Wrapping up my last week of being gainfully employed, I listened to another CPR broadcast. The title of the show amply sums up the issues covered: National Park Campgrounds Need Work. Is Zinke’s Privatization Pitch The Answer?
With over 11 BILLION dollars in maintenance backlog, the NPS is critically short of funds for needed maintenance, infrastructure improvements, and having the appropriate personnel for to work in the national park units.
Privatizing the campgrounds seems a short term fix for a long term problem.
But what worries me is changing the nature of the National Park experience if (when?) the NPS campgrounds are privatized.
To quote the CPR show:
“Contemporary campers expect a variety of services when they go to a campground,” said Derrick Crandall, counselor for the National Parks Hospitality Association and president of the American Recreation Coalition.
Crandall explained that companies can provide much needed upgrades to park campgrounds while adding amenities like food stores, Wi-Fi, and tent rentals. By his estimate, more than 80 percent of Americans live in urban areas. So while it’s great to get them outside for a taste of the lifestyle, Crandall said you “don’t really need to inconvenience them or scare them off.”
The driving force behind these changes is again the National Parks Hospitality Association (NPHA).
I foresee that the long term plans for the NPHA are primarily turning NPS campsites into cheaper lodging alternatives to motel rooms. Or NPS versions of the KOA campgrounds to be a bit more charitable.
I’ve seen the future when I was at Mesa Verde back in 2012. The campground has WiFi, showers, a large store, and laundry.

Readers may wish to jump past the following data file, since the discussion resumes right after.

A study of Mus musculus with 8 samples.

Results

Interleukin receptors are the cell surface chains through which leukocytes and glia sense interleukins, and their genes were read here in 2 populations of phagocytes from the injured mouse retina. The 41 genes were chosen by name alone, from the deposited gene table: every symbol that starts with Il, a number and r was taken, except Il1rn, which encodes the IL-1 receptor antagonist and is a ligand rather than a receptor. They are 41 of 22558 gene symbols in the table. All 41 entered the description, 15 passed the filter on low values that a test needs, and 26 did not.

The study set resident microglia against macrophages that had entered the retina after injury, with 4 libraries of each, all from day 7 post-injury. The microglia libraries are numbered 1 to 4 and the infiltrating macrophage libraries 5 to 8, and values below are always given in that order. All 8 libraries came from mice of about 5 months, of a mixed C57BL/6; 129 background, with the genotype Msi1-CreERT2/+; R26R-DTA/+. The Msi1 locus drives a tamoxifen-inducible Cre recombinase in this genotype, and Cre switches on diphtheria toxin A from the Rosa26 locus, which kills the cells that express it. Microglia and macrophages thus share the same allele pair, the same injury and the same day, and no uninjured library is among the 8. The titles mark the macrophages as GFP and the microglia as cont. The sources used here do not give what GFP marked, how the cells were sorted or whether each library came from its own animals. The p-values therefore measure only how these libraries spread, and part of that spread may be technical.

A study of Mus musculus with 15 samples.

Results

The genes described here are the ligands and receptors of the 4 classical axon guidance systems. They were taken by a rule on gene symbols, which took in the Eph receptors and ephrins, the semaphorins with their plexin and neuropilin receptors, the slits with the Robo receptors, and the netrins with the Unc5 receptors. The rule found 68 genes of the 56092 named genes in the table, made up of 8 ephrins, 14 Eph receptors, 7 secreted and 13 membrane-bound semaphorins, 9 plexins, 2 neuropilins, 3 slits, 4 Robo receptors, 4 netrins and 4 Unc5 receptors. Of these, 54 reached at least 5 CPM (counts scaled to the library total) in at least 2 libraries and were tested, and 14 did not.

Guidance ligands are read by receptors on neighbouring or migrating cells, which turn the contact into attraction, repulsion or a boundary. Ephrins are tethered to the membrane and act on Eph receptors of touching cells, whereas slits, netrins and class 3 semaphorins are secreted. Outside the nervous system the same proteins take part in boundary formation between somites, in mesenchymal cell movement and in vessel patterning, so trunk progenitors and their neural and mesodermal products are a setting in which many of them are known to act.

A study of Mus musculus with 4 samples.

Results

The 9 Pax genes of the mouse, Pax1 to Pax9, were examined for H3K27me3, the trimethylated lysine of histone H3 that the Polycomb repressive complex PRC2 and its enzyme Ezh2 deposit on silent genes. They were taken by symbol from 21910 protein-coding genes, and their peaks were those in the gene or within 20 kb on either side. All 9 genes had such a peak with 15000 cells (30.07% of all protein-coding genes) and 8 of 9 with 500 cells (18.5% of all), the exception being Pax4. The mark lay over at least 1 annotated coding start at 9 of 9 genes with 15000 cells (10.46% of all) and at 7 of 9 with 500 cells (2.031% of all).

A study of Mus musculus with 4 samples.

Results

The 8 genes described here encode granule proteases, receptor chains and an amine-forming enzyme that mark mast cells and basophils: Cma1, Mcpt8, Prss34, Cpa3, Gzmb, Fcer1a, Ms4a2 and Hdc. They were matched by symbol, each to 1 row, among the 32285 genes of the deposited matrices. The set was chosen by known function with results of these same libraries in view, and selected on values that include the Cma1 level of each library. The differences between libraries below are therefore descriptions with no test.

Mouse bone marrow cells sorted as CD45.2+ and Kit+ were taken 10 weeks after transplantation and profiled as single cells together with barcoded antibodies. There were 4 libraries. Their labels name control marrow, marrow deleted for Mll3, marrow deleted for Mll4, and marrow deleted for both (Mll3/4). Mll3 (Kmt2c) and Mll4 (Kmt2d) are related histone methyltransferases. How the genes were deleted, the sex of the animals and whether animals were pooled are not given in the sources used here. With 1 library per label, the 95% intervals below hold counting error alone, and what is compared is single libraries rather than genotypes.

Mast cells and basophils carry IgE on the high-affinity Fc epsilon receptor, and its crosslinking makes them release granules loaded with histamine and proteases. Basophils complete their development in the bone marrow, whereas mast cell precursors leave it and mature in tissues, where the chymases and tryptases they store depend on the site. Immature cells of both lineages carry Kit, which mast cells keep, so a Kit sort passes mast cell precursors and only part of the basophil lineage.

It was certainly convenient. But it was not a wilderness experience nor did it feel remote. I did not feel immersed in the area any more than if I had stayed at a Motel 6 in town.
To be fair, Mesa Verde is not a backcountry area nor is it even in remote area like Chaco Canyon.
But where to draw the line? Will every NPS unit be mandated to be more KOA-like and less of the low-key nature of Hovenweep or Chaco?
The NHPA is not lobbying for privatization to preserve the NPS minimum requirements mandate.
It wants to make money off their investment. Making money is not a terrible thing by any means.
By when making money by changing the nature of the overall NPS experience, I will question the wisdom of this action.
A KOA-like experience will make the NPS campgrounds more competitive. And will encourage more people to stay there. More profits will be made for the NHPA run campgrounds. And, if past experience is any guide, the rates charged by NHPA will go up as well. The National Park experience will become even more a luxury for the affluent, perhaps.
There are already plans to have NPS units with WiFi by 2018. People want connectivity. With work lives and leisure time activities blurring, a WiFi connection is almost mandated even when on “vacation.” And people want to be able to check in on a constant basis. Then there is the chestnut that increased connectivity means (perceived) safety of park visitors.
With the outright privatization of NPS campgrounds on the horizon, these trends will just accelerate.
Where even the national park backcountry connected in many, or even most, cases, a little bit of wildness is lost.
And will never come back.
Oh, I am sure the WiFi, showers, laundry, and campground store will be used by me in the years ahead. I may be a bit of romantic, but it is leavened by practicality that is a family trait.
I just lament that the Mesa Verde luxuries will become the new normal and the expectation. And part of the National Park experience will be lost. A remote area becomes merely a little more rustic and less expensive alternative to a Motel 6.
I can always consult my atlas and maps. And find a pocket of wildness.
But those pockets are becoming increasingly fewer in number. And, based on the continuing trends, looks like the National Parks will be even a rarer part of these less and less common wild spaces.
For a deeper look at these National Park Service issues, I suggest reading Uncertain Path: A search for the future of national parks by William C. Tweed.